A cornerstone of American democracy is the right to cast a vote with a secret ballot. Congress affirmed this right in 2002 for blind and visually impaired people when it passed the Help America Vote Act (HAVA). The act mandated that at least one voting machine be placed in every precinct in the United States that allows for voting by means of large print screens and speech output. Federal funding is made available for the purchase of the machines. Today, every voting precinct in Missouri is equipped with accessible voting machines.
On Monday, March 14, the Missouri Council of the Blind (MCB), in conjunction with the Saint Louis University School of Law Legal Clinics, hosted a press conference with officials from the St. Louis County Board of Election Commissioners and the St. Louis City Board of Election Commissioners to encourage all persons with disabilities, including the blind and visually impaired, to participate in Tuesday’s presidential primary election.
The Council applauded the efforts of the City and County Election officials to promote inclusion of all voters in the election and called on all other counties in Missouri to provide the same election accommodations for the disabled if they are not already doing so.
Polling places are accessible to those with disabilities, including by audio ballot or ‘talking’ voting machines, which allow persons who are visually impaired or blind to vote by secret ballot at their neighborhood polling place without the need of someone to read the ballot for them.
Voting for blind people is not without its problems, however. Some jurisdictions do not make the talking voting machines available during purely local elections, like those coming up on April 5.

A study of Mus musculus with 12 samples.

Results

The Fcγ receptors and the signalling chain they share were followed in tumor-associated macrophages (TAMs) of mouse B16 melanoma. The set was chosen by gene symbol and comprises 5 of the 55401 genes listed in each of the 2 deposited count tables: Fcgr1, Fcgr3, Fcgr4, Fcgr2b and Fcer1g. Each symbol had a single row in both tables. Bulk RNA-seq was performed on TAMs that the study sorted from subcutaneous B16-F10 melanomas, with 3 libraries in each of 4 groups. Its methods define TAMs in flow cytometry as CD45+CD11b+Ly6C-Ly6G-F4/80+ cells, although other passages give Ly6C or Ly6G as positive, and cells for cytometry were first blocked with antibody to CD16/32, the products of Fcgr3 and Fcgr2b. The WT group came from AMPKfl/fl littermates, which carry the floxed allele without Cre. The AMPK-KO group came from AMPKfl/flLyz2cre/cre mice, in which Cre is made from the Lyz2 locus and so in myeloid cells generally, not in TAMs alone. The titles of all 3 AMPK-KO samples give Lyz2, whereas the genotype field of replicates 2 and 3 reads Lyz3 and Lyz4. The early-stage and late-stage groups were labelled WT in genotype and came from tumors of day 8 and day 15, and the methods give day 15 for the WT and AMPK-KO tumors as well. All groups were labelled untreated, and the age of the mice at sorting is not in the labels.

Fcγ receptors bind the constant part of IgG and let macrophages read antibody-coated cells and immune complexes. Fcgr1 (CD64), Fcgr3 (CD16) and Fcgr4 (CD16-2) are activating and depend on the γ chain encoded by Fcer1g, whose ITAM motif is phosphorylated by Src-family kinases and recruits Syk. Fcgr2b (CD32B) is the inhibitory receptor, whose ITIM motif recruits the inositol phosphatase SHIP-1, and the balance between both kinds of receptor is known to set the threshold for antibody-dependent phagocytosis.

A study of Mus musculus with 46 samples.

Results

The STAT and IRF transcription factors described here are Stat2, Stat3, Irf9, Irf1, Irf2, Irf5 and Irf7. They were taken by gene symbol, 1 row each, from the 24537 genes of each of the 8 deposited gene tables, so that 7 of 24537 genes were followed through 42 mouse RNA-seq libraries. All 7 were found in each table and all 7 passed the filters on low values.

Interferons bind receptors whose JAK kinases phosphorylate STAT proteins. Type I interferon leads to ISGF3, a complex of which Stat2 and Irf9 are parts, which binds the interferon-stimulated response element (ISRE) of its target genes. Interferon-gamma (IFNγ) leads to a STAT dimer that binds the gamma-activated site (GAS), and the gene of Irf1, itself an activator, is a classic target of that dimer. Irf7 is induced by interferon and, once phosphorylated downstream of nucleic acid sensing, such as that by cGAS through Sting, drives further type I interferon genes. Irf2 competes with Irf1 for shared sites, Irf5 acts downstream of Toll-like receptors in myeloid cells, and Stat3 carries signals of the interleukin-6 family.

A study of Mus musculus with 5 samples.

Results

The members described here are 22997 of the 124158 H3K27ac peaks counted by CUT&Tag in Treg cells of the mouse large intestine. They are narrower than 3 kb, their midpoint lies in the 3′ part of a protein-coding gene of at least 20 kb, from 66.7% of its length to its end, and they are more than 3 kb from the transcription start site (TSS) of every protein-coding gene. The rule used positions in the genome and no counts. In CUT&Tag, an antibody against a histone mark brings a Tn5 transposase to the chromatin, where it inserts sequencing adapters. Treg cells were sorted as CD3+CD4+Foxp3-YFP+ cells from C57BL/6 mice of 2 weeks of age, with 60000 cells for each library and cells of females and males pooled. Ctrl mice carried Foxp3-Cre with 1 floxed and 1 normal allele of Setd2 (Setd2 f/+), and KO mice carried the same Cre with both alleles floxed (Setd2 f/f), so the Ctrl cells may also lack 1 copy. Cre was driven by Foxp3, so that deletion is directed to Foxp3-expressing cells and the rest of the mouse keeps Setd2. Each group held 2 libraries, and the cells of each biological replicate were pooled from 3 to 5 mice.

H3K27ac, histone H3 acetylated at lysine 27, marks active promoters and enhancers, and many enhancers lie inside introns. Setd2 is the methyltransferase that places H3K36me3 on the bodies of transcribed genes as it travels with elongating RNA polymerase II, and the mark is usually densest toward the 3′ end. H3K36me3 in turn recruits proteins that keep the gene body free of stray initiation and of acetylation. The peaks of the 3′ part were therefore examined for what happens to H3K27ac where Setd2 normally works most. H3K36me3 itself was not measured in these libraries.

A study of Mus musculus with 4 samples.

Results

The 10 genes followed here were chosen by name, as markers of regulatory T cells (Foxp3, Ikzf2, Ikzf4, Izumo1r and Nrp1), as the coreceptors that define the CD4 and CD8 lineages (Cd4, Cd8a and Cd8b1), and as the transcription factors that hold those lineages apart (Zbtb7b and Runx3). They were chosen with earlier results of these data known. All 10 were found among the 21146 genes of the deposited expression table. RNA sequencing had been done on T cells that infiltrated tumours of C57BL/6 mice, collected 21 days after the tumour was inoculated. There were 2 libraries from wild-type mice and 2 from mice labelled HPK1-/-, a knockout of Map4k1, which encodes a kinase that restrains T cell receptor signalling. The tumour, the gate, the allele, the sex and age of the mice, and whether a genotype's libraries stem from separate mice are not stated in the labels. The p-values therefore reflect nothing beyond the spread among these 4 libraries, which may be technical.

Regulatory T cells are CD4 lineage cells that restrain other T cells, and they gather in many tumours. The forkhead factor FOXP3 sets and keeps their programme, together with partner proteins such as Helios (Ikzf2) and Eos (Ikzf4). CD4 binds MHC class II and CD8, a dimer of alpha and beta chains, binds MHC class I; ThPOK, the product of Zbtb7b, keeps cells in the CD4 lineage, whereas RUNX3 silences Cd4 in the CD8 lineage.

Second-year law student Thomas Mihalczo spoke at the press conference. MCB has been his client this semester. “It is so obvious to me that something as simple as voting should be equal, and the fact that it isn’t is surprising.”
In addition to the press conference’s demonstration of the audio voting machine and encouraging participation during Tuesday’s primary, Mihalczo hopes current Missouri legislation can pass in order to make all elections in the state easily accessible to those with disabilities.
Currently, there are bills in both the Missouri House (HB-1379) and Senate (SB 1068) requiring that the audio ballot enabled machines be available for all polling places for all elections, including purely municipal elections. MCB calls on the Legislature to adopt these bills in the current session to make it clear that the policy in Missouri is to include all voters in all elections.
“The Americans with Disabilities Act already requires that the blind and visually impaired have access to these machines in all elections,” said John Ammann (’84), professor and supervisor in the SLU LAW Legal Clinics. “We understand the fragmentation of government in our region creates a difficulty in programming the machines, especially with a short turnaround time between the March and April elections this year. But the ability exists to make these machines available in all elections, and the bills now before the Legislature would communicate clearly to local jurisdictions that state law also requires fully accessible voting on election day.”
If anyone with a disability has difficulty in voting on Tuesday, he or she is invited to call the Missouri Council of the Blind at 832-7172 or the Saint Louis University School of Law Legal Clinics at 314-977-2778.